Last time you were here, you were looking to help vulnerable children and families. Your support can save and change lives.

As I sit here at Bangkok Airport waiting for my flight home, I have some time (about 7 hours actually) to reflect on the last two weeks. We packed in a lot of cycling, lots of visits to various villages and monuments, and interacted with the locals in ways that would not have been possible as a regular visitor to these two incredible countries.

Along the way, I met a wonderful bunch of people, my fellow fundraisers and cyclists, who each had their own fascinating story of how they became a part of the team and what they did to raise the necessary funds for the clean water and sanitation project in Laos.

Our time with the communities was richly rewarding for us, and I hope too for our hosts. There were also some things that opened my eyes a bit more to the work that NGOs like ChildFund are doing in these communities. For example, despite the best intentions of visitors, we were asked not to hand any gifts of any kind to the children and families we visited in Laos and if we had something we wanted to give, then it should be given to the ChildFund coordinator for the area to be distributed appropriately. We were informed that giving handouts encourages a culture of begging that they are obviously trying to keep out. In fact, I don’t recall seeing a single beggar in Laos, even in the main tourist areas.

More to my surprise though, and it makes perfect sense when you think about it, the families who will be receiving the toilets that we were fundraising for do not simply have it handed to them. Each family needs to put in a certain percentage of the cost of the toilets based on their relative wealth within the community and also do the labour to actually build them. This gives the individual household a sense of ownership and pride and thus they will look after them. The philosophy is working as the demand for more household toilets is rising from the individual families in the villages. Great news.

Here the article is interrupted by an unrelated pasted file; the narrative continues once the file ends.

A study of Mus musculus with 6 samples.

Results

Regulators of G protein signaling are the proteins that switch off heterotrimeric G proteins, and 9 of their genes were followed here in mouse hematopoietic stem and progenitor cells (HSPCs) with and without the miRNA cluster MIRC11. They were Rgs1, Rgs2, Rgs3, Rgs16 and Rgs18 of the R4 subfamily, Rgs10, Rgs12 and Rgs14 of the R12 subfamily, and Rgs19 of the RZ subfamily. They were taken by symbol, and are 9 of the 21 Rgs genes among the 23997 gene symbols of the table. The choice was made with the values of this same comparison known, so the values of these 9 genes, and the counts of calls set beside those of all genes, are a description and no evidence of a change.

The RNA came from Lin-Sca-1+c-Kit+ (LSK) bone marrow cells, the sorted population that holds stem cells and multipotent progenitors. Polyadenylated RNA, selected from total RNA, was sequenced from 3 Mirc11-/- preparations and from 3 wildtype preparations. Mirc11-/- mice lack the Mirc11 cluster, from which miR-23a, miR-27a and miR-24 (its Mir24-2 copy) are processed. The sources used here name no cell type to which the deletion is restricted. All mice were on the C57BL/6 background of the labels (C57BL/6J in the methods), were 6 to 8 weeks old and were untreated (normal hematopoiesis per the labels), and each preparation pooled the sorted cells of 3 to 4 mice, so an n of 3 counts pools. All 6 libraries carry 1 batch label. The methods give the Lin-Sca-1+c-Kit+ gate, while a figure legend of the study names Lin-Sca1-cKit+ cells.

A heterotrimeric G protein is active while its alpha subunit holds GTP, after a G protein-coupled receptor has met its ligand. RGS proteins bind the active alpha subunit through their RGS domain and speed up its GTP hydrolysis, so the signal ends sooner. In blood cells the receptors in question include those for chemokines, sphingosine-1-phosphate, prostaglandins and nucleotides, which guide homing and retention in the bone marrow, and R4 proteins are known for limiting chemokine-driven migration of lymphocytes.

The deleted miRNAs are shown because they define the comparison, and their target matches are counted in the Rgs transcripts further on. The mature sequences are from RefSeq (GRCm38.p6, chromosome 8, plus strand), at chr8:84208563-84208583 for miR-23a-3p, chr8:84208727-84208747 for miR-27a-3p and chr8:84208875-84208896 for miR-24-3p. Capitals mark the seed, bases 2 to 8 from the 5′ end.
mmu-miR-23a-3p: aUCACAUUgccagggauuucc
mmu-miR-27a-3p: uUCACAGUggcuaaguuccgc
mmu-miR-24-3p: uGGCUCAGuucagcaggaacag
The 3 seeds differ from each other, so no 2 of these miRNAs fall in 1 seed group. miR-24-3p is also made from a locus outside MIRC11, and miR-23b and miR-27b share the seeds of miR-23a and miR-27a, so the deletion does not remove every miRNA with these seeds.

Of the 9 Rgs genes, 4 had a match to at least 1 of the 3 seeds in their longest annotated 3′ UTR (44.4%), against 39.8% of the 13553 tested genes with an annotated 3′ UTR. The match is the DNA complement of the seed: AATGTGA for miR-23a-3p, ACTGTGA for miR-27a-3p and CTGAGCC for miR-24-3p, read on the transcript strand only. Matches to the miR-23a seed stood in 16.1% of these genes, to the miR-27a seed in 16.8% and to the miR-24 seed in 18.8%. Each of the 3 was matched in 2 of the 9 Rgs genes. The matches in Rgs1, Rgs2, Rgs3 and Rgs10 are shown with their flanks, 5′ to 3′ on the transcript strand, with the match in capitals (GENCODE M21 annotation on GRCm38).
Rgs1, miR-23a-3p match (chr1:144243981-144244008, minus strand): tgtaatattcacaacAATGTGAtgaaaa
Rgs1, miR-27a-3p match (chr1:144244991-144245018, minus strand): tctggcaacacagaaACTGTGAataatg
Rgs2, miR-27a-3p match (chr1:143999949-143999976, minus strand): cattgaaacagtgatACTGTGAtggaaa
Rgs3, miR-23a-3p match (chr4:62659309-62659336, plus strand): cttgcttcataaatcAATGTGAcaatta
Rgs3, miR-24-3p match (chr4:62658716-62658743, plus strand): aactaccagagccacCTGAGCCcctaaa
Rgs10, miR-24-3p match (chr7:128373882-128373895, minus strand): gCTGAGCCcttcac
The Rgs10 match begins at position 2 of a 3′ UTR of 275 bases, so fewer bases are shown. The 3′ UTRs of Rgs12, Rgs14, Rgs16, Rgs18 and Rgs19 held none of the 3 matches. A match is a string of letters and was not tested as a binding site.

ChildFund Australia would like to thank Al and the rest of the Laos Water Cycle team for being amazing participants – through the great times and the challenges! – and for raising over $80,000 for water and sanitation projects in Nonghet, Laos. If Al’s story has inspired you, we are now taking registrations for our next overseas challenge, the Sri Lanka Cycle Against Poverty. To support our work in Laos and have the opportunity to visit Nonghet yourself, join our new Global Community program.

In the Ecuadoran province of Cotopaxi, residents of Santa Rosa de Patutan are excited to be graduating from ChildFund in 2013. “If ChildFund leaves tomorrow, nothing bad will happen because the community is empowered. The organizational structure is strengthened and is working along with the government,” says Nestor Moya, a representative of the community`s water and sanitation board.

ChildFund has been in this area of Ecuador since 1984. Nestor remembers that “before ChildFund, the houses were made of straw; there was only one school, no water and no electricity in the community.” Now the village has these services, and there are schools and parks for the children. “ChildFund is the only NGO that has provided unconditional support to the community without asking for anything in return. Everything is for the well-being of the children,” Nestor says.

“This is truly a moment to celebrate,” says Nicole Duciaume, regional sponsorship coordinator for ChildFund Americas. “This community is self-reliant, self-sufficient and able to care for the well-being of its children for this and future generations. Our work here is done; sponsorship transformed this community.”

Currently, parents are organized into six associations, which form the Federation of Community Development of Cotopaxi (FEDECOX). The federation has been officially organized since October 2005 and is ChildFund`s main strategic partner in this region of Ecuador. Through FEDECOX, ChildFund has installed a water and sanitation system, and the citizens` usage fees are returned to the community.

ChildFund`s approach is to empower communities, so they can be independent and self-sustaining while creating the environments children need to thrive.

Nestor is optimistic that the community will continue to grow with everything it has learned. He says, “ChildFund has set a good example and taught us to administer the money transparently.”